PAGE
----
Following in My Footsteps #InvisalignTalk

This post was written by the Experimental Mommy and brought to you by Invisalign.  All opinions are 100% my won.

When I was 10 years old, I had an opportunity to appear on television with my Girl Scout troop.  I could not have been more excited to get my face in front of a camera.  But when the episode aired, my Mom tells me that this is when she first realized how badly I needed braces.  Off to the dentist I went and for the next five…yes, FIVE….years, I wore braces to correct a severe overbite.

Now, my oldest daughter is following in my footsteps.  Unfortunately, during her last smile assessment, she has an extra permanent tooth that is making the others shift in ways that will cause problems in the long run.  We will be visiting an oral surgeon next month in order to have her tooth extracted, but it is inevitable that braces will shortly follow.

I vividly remember getting braces at 10 years old and how miserable I was until my Junior year of high school when they were finally removed.  I want a different experience for my daughter.  Surely, technology has come a long way in 25 years, right?  Recently, my sister-in-law decided to straighten her teeth with Invisalign so I am curious if this option would be a good one for my daughter.

Invisalign Teen clear aligners straighten teeth without traditional wires and brackets giving teens the confidence to live life to the fullest while improving their smile.  Teens can play sports without fear of injury and continue cheerleading, musical instruments, acting and singing without interference. And because it’s removable, brushing and flossing is easy and no food restrictions to worry about either.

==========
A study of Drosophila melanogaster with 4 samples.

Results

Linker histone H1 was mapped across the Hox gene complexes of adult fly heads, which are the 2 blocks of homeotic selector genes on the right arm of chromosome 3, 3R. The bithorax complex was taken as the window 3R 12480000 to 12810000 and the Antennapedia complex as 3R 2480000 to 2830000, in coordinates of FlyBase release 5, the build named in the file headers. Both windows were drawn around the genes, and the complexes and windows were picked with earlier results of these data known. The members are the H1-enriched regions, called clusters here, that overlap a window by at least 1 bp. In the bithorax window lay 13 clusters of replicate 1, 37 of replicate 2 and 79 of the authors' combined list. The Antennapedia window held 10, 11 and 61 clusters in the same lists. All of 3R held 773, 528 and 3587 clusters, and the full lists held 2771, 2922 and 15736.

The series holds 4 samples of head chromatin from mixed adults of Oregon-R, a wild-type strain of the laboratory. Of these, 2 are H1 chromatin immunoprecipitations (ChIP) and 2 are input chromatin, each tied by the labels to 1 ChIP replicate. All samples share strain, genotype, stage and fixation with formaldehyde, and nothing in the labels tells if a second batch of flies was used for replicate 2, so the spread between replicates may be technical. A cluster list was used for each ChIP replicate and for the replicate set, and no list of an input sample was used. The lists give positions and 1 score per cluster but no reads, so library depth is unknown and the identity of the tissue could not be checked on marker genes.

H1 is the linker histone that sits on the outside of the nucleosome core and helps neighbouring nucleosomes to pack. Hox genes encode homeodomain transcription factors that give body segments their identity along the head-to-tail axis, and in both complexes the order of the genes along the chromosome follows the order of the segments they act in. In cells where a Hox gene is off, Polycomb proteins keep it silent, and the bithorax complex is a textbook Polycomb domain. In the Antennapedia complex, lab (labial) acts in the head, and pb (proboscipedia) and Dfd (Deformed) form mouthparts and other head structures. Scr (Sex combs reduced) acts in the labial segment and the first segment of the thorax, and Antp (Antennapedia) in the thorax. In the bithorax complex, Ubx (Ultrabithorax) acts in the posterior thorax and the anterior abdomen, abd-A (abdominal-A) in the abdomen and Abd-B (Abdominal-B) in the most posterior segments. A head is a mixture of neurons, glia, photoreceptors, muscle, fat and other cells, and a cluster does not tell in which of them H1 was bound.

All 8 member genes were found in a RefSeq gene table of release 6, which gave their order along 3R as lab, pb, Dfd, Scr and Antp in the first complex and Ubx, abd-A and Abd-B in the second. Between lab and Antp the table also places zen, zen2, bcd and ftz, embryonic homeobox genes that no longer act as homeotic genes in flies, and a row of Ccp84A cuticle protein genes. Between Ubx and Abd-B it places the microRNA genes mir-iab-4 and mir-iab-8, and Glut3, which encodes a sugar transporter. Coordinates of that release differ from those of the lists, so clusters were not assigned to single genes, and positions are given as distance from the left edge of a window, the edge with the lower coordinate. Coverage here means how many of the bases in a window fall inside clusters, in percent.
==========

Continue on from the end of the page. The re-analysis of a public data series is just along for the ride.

With Invisalign Teen, this option certainly seems like a better alternative to metal and wire but I have heard that the system can only handle small cosmetic problems and the price makes it a burden.  However, I learned that Invisalign Teen can handle severe cases as well and that it is covered by most dental insurance policies just like traditional braces — up to 50% of the cost may be covered by insurance.  Check out the Invisalign Cost Calculator to see an estimate.

Now that I know Invisalign Teen could be an attainable option, my final concern is that my daughter will take them out too often to be effective.  However, Invisalign Teen aligners are made with small blue dots, officially called compliance indicators, that gradually fade as aligners are worn. It’s a quick visual check for parents and teens to confirm they wearing aligners long enough to get results. In fact, clinical data from orthodontists confirms that teens wear their aligners an average of 21 hours per day, just as recommended.

I could not be more excited to check out this option for my daughter as braces become necessary.  I am hoping that her corrective experience is better than mine and Invisalign Teen seems like the way to make it happen.